Though TCU has become more selective over the years, university admissions counselors have not changed their approach when selecting students.
“Similar to years past, TCU is seeking students who demonstrate both academic excellence and intellectual promise and individuals who demonstrate an ability and desire to impact their communities,” said Heath Einstein, the dean of admission.
TCU’s acceptance rate dropped from 48.87% in 2014 to 47.12% in 2019 as the number of applicants increased. The biggest drop came in 2016 when only 37.58% of total applicants were admitted.
Compared to 2014, TCU has seen 1,999 more applicants for fall 2019.
“Our goal is to enroll classes each year that improve our academic profile and continue to push the boundaries of inclusivity,” Einstein said. “If we achieve that goal year after year, selectivity will follow.”
As the next round of admissions begins, TCU admissions counselors will focus on their goal of being a “destination college.”
“A destination college is a place students point to as the ‘hot’ college in their high school communities,” Einstein said.
Garrett James, a first-year movement science major, said he decided to come to TCU because he knew he could succeed.
“I saw TCU more as a catalyst for my career and myself,” James said, “someplace where I can build myself and create great opportunities to succeed.”
This year, Einstein said the admissions office expects to see between 18,000 and 20,000 applications for the class of 2024.
“The Rose Bowl was when we first started to see a boost [in applications],” said David Stein, the associate director for freshman admission.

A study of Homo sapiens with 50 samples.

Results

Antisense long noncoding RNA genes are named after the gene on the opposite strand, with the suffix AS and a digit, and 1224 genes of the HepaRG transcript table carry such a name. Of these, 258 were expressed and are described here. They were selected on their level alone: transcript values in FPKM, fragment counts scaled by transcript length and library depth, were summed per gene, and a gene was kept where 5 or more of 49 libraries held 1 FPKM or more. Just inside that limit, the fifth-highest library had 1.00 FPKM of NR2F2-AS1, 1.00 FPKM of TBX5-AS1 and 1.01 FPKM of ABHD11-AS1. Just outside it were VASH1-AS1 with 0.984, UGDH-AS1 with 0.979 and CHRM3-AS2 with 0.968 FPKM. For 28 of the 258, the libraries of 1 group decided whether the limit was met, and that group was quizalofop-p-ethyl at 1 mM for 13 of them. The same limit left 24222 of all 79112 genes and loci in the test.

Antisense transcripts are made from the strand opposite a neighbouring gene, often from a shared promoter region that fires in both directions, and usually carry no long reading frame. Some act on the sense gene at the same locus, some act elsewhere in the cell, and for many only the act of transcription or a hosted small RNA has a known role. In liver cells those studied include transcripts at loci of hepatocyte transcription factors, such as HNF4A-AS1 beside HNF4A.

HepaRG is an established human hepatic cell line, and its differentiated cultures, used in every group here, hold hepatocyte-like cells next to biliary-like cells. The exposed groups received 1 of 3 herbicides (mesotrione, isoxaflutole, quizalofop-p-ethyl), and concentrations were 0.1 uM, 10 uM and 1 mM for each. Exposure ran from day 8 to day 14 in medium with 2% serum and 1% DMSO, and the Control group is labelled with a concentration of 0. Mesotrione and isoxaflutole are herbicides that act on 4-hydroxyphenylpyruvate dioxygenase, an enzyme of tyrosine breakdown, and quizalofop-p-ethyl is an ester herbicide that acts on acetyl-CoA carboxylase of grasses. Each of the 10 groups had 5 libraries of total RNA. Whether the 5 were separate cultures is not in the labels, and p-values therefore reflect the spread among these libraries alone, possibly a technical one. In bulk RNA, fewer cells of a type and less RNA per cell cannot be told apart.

Stein said the number has remained consistent over years past and they are anticipating the same number this year.
The incoming first-year class has been receiving many forms of communication from TCU as they move through high school, including print and digital collateral, Einstein said.
“It is geared to address students’ various needs, from academics to internships to scholarship and aid,” Einstein said.
To attract students from outside of Texas, admissions counselors travel to 40 states each year.
Admissions counselors tend to get a great response when visiting high schools, whether there are 50 students or only one, Stein said.
“If I meet with one student at a high school who is great and decides that TCU can be home, then it’s a great visit,” Stein said.
TCU also offers campus tours year-round to draw in students.
“When out-of-state students visit campus, they are met with friendly students as well as faculty and staff who are willing to extend themselves to prove what warm a community this is,” Einstein said.
Stein said admissions counselors pitch TCU by showing how genuine they are and what TCU has to offer.
“We’re lucky enough to be a rare breed, so we talk a lot about TCU’s size and experience,” Stein said.
In addition, TCU representatives travel to dozens of foreign countries each year to search for future Horned Frogs.
While TCU does not send the same amount of print material to international students, its messages are largely similar. These messages promise a global community, which appeals to prospective TCU students, regardless of their hometown.